Human Rights

Want Kids To Be Resilient? Show Them They Matter

Resilient kids grow up to be better at tackling adversity as adults.

Want Kids To Be Resilient? Show Them They Matter

Whether these challenges become speed bumps or roadblocks depends on a person's ability to bounce back. In a word: resilience. That's not to say it's easy. Resilient people feel distress. It's what they do with it that makes all the difference. They learn from it. They grow. 

Think of resilience as a muscle rather than a trait bestowed by nature in DNA — like the color of your eyes. Resilience is a way of behaving and thinking, and it can be developed. Parents can help kids build resilience. Here's what the research says. Start by letting kids know they matter. This is a key part of a stable relationship between a child and a parent.


There actually can be a genetic factor to resilience, but it is not hardwired at birth. Studies show that supportive parenting can result in genetic modifications that biologically help a child cope with adversity. These genetic changes can be permanent or temporary.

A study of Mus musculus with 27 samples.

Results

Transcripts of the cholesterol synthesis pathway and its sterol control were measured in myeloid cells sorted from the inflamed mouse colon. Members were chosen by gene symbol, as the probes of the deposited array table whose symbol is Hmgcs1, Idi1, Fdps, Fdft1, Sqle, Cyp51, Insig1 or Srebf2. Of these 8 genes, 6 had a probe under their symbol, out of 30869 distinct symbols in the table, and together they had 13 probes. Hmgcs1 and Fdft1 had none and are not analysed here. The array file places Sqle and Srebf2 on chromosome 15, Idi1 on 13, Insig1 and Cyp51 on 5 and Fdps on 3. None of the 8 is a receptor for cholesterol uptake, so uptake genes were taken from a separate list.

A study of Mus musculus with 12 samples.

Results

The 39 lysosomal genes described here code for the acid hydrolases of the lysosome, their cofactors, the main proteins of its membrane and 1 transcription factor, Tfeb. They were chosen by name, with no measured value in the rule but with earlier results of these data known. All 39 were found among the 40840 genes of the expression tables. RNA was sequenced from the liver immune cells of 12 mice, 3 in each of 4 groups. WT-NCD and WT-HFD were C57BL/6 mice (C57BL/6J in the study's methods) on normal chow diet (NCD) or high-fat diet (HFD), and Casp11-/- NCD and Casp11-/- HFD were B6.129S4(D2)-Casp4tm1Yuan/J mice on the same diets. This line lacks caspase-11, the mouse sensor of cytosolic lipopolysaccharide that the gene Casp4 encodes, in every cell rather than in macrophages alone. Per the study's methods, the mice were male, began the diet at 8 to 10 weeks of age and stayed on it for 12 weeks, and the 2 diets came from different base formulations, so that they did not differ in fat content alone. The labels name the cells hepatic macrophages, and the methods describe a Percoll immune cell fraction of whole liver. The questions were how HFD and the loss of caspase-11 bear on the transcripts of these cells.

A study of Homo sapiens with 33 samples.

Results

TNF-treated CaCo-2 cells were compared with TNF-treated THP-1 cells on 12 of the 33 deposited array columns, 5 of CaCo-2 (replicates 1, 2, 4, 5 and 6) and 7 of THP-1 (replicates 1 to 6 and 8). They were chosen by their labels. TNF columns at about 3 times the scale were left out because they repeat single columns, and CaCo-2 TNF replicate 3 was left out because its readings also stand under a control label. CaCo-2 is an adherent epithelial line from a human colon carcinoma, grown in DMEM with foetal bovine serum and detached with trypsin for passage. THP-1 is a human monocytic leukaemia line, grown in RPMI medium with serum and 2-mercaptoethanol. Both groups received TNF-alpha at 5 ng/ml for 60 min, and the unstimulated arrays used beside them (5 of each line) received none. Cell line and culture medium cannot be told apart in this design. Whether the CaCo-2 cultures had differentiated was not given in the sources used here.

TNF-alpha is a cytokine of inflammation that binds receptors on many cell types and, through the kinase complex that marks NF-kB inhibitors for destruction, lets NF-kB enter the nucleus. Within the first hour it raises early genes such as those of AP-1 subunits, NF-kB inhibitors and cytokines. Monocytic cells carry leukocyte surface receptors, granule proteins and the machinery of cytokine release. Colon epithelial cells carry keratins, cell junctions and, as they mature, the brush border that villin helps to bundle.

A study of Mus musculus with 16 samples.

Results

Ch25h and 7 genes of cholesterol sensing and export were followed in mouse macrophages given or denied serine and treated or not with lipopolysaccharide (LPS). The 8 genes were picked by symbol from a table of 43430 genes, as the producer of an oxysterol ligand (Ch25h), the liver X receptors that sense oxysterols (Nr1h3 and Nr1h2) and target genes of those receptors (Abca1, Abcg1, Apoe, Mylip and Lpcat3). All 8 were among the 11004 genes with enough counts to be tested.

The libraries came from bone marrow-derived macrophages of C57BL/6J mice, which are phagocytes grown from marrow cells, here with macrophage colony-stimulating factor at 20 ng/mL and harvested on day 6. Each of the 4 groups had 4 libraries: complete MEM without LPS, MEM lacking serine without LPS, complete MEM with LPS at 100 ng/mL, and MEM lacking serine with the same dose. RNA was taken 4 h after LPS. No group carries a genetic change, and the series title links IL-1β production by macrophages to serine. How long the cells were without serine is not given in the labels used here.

Adults can develop a resilience, too, at any age. Experts say a big part of it is a state of mind. For example: Crises aren't insurmountable; they can be scaled. Accept that change is a part of living. Avoid blowing a failure or misfortune out of proportion.

It also is behavioral. For example: Set realistic goals, and take incremental steps: Ask yourself, "What's one thing I know I can do today that moves me toward my goals?" Take care of yourself. Exercise gets your brain and body ready.

If we're lucky — really lucky — we'll never have to test our resilience. But who floats through life without a few detours? If we handle adversity well, it makes us better. A little resilience goes a long way.